By Elmer W. Cagape
As countries like the United States experience high obesity rates (more than one-third among its adult population), Hong Kong is taking the opposite direction. The number of young women in the city who are underweight has almost doubled in the past 15 years, according to a study made by a local doctor.
Dr Annie Kung of Queen Mary Hospital found out that the proportion of Hong Kong women aged between 20 and 29 classified as having low body weight during 2005 to 2010 was nearly 40 per cent. This is a sharp increase from the 23 per cent observed from the same age-group monitored between 1995 to 2000.
It’s not surprising that local people are obsessed with being slim, or skinny, depending on who you ask. When you walk down the MTR station, billboards plastered across the walls advertise slimming shops that use popular celebrities or at least those who can flaunt their slim, or skinny bodies. When you visit Mannings or Watson’s, it isn’t difficult to find a shelf full of weight-loss pills and other slimming supplements.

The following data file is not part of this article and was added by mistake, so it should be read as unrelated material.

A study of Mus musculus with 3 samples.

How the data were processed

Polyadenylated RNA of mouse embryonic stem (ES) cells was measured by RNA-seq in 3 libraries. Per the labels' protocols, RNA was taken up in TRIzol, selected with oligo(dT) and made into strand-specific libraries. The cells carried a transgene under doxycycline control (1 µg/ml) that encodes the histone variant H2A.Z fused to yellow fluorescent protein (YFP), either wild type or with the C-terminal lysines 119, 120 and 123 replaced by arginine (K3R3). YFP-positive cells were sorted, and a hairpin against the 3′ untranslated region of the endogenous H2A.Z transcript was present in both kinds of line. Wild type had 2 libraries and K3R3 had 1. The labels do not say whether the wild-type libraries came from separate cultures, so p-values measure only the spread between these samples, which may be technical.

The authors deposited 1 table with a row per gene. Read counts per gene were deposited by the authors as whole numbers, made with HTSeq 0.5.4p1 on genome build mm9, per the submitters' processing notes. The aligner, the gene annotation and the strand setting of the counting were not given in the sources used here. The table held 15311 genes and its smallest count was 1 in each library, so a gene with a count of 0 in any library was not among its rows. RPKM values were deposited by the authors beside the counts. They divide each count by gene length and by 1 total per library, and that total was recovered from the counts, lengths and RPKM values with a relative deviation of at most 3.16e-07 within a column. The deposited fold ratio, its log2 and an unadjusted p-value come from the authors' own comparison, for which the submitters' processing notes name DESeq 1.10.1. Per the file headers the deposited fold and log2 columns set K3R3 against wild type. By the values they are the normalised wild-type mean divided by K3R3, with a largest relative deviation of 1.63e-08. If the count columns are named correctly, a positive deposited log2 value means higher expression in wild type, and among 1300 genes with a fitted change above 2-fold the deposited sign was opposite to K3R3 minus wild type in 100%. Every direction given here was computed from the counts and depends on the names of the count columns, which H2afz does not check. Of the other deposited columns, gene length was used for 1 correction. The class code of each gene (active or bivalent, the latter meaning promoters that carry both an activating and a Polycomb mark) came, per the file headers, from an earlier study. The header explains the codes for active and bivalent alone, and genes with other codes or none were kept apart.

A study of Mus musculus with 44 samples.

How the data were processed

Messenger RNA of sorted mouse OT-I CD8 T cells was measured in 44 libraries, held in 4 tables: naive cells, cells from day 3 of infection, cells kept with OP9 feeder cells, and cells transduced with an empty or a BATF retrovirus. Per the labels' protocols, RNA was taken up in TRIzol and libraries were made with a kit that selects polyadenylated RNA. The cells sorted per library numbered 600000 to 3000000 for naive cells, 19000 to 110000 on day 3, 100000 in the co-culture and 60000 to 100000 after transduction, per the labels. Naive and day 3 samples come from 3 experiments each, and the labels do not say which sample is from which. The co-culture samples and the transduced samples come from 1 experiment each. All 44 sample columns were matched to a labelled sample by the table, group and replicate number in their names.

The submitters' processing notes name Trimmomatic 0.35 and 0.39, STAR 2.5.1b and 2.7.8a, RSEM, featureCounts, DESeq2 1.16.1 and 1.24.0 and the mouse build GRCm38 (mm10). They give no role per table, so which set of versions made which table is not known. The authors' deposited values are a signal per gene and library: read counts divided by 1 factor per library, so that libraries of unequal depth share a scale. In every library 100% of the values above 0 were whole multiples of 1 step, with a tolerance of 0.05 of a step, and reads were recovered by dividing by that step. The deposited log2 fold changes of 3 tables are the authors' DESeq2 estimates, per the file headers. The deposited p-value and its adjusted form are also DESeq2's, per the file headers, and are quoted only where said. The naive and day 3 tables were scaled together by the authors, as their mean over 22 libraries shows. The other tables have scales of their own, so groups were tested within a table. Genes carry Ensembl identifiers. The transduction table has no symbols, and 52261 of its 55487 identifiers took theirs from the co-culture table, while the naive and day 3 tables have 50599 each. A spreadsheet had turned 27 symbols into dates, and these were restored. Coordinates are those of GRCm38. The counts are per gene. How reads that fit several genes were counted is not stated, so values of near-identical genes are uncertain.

Keeping body weight under conditions classified as obese helps avoid heart ailments and related disorders. But being underweight also has risks. The Queen Mary Hospital’s study indicated that more women are at risk of developing osteoporosis, a condition described as the thinning of bone tissue and loss of bone density over time.
Using the body mass index as basis of the study, close to four out of every 10 young Hong Kong women are at risk to osteoporosis.
Although the study focused on women in their 20′s, increases are also observed across other age groups. About 30 per cent of those 80 or older were found to be underweight in the second phase. The Osteoporosis Society of Hong Kong says 300,000 women and 100,000 men suffer from the disease.